Lamborghini’s quick sellout of its new $600,000 hybrid supercar is proof that wealthy car buyers are still spending, according to the CEO.
Lamborghini already has a waiting list and two years worth of orders for the Revuelto, its first ever plug-in hybrid that was launched last month, CEO Stephan Winkelmann told CNBC. The orders come despite the global turmoil in financial markets and banking systems in recent months.
The rush of orders for the Revuelto and other supercars highlights the continued strength of the wealthy consumer despite slowdowns in other segments of the consumer economy. The share price of Ferrari is up 27% this year on the back of continued demand for trophy cars, especially in the U.S.
Ferrari, Bentley, Rolls Royce and other top brands reported record sales and production last year.
Lamborghini produced a record 9,233 vehicles worldwide last year, up 10% over 2021. Winkelmann said it’s too early to forecast 2023 production, but if orders continue as they have in the first quarter the company can match or exceed last year’s record.
The big question for supercar makers like Lamborghini is how to define their brands in the age of electrification. Prized for their powerful, thundering engines, supercar makers are working to develop silent, high-performance EVs that are distinct enough from Tesla and other brands to command higher premiums.
Every Lamborghini model launched after the Revuelto will be a hybrid, with plug-in versions of the Urus SUV and Huracan sportscar expected in the coming years. Lamborghini plans to launch its first fully electric model sometime in 2028 or 2029.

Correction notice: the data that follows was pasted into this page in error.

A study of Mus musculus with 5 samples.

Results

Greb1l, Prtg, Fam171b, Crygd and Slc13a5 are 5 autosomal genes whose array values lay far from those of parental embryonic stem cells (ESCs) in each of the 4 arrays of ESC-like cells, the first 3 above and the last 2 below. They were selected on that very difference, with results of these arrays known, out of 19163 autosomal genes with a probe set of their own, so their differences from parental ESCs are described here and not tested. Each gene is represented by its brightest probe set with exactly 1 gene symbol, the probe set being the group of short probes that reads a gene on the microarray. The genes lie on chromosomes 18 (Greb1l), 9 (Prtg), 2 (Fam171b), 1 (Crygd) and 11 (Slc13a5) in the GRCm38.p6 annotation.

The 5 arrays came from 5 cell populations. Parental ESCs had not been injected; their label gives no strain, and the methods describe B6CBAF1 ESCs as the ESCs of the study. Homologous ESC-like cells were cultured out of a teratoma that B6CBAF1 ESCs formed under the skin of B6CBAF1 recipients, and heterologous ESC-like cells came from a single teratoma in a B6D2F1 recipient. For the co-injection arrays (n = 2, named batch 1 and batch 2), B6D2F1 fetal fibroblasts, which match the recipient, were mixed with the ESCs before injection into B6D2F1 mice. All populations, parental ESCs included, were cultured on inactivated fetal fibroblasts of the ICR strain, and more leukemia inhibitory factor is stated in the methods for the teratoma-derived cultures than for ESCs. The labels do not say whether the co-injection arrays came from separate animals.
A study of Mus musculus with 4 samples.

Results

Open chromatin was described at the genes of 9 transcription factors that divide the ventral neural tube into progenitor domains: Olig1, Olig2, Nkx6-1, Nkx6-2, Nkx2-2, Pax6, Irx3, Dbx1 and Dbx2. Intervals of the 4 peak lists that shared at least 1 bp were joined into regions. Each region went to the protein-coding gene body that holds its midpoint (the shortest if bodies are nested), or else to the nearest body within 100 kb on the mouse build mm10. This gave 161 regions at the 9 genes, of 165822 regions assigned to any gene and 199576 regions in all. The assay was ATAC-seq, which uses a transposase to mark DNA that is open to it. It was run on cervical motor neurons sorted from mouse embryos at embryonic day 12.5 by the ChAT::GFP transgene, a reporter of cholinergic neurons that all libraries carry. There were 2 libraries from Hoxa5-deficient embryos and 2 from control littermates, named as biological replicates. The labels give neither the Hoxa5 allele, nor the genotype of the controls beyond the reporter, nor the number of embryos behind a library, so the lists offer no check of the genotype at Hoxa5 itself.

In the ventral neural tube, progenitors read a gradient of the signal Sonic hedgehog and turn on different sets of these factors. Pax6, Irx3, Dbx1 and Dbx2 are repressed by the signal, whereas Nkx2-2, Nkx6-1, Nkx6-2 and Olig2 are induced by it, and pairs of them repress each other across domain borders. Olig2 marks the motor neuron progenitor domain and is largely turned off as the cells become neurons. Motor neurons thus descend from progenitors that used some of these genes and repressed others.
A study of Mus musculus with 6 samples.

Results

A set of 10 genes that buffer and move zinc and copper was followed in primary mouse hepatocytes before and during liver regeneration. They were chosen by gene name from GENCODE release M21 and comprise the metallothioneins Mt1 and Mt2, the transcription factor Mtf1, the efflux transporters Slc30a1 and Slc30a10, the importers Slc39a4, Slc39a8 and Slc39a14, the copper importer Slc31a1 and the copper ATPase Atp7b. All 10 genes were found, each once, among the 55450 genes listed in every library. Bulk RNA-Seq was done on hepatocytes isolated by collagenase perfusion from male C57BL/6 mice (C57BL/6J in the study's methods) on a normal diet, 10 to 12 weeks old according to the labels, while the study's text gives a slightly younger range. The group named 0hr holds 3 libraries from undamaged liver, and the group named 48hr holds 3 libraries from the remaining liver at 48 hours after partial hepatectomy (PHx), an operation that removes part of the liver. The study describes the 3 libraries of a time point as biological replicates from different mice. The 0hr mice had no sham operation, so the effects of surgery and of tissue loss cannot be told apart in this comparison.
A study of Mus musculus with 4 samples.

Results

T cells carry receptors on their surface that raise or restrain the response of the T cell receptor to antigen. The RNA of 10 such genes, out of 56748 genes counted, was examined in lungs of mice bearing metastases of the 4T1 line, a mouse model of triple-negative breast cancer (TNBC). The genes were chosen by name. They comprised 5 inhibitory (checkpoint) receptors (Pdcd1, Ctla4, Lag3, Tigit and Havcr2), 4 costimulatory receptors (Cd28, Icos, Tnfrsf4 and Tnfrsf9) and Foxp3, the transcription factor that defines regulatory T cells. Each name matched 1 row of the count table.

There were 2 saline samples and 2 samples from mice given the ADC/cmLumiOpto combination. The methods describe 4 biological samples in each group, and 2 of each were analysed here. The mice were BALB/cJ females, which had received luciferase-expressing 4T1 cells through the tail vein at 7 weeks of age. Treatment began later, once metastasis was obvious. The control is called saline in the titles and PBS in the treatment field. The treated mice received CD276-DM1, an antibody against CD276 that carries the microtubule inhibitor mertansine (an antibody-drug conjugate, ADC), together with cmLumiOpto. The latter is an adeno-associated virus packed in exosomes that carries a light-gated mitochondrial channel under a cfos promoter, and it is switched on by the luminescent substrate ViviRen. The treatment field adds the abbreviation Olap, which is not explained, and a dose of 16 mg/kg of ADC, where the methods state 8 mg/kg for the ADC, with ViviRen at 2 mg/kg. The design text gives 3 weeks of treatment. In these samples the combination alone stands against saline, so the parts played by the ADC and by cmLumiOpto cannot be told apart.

With the Revuelto, Lamborghini utilized the best of both worlds, pairing three electric motors with a new 6.5-liter, naturally aspirated V12 engine for a combined 1,001 horsepower. It has a top speed of over 217 miles per hour and can do 0 to 62 mph in under 2.5 seconds.
With hybridization, the Revuelto is 30% more fuel efficient.
Car collectors say part of the appeal of the Revuelto is owning one of the last generations of V12 supercars to be sold and built.
“The team worked hard on this car for years,” Winkelmann said. “The reception of the customers is positive in two ways, because on one hand side they recognize it’s a true Lamborghini. And on the other side there is no fear about having a hybridized car.”
Winkelmann said the Revuelto is likely to sell as well or better than its top-of-the-line Aventador model, which the Revuelto replaces. Lamborghini sold over 11,000 Aventadors over its decade-plus life. He said demand from the U.S. — Lamborghini’s largest market — has been especially strong.
The China market, however, remains an unknown since the country just reopened from lockdown, Winkelmann said, adding that demand in South Korea “exploded” last year. Central Europe and Australia were also strong, he said.
“In the U.S., California, Florida, Texas and the Northeast are always good for positive surprises,” he said.
Production of the Revuelto will start in the second half of 2023, with the first cars delivered to the U.S. in the fourth quarter.
“And then next year, we go full speed and we will see how the market is moving,” Winklemann said.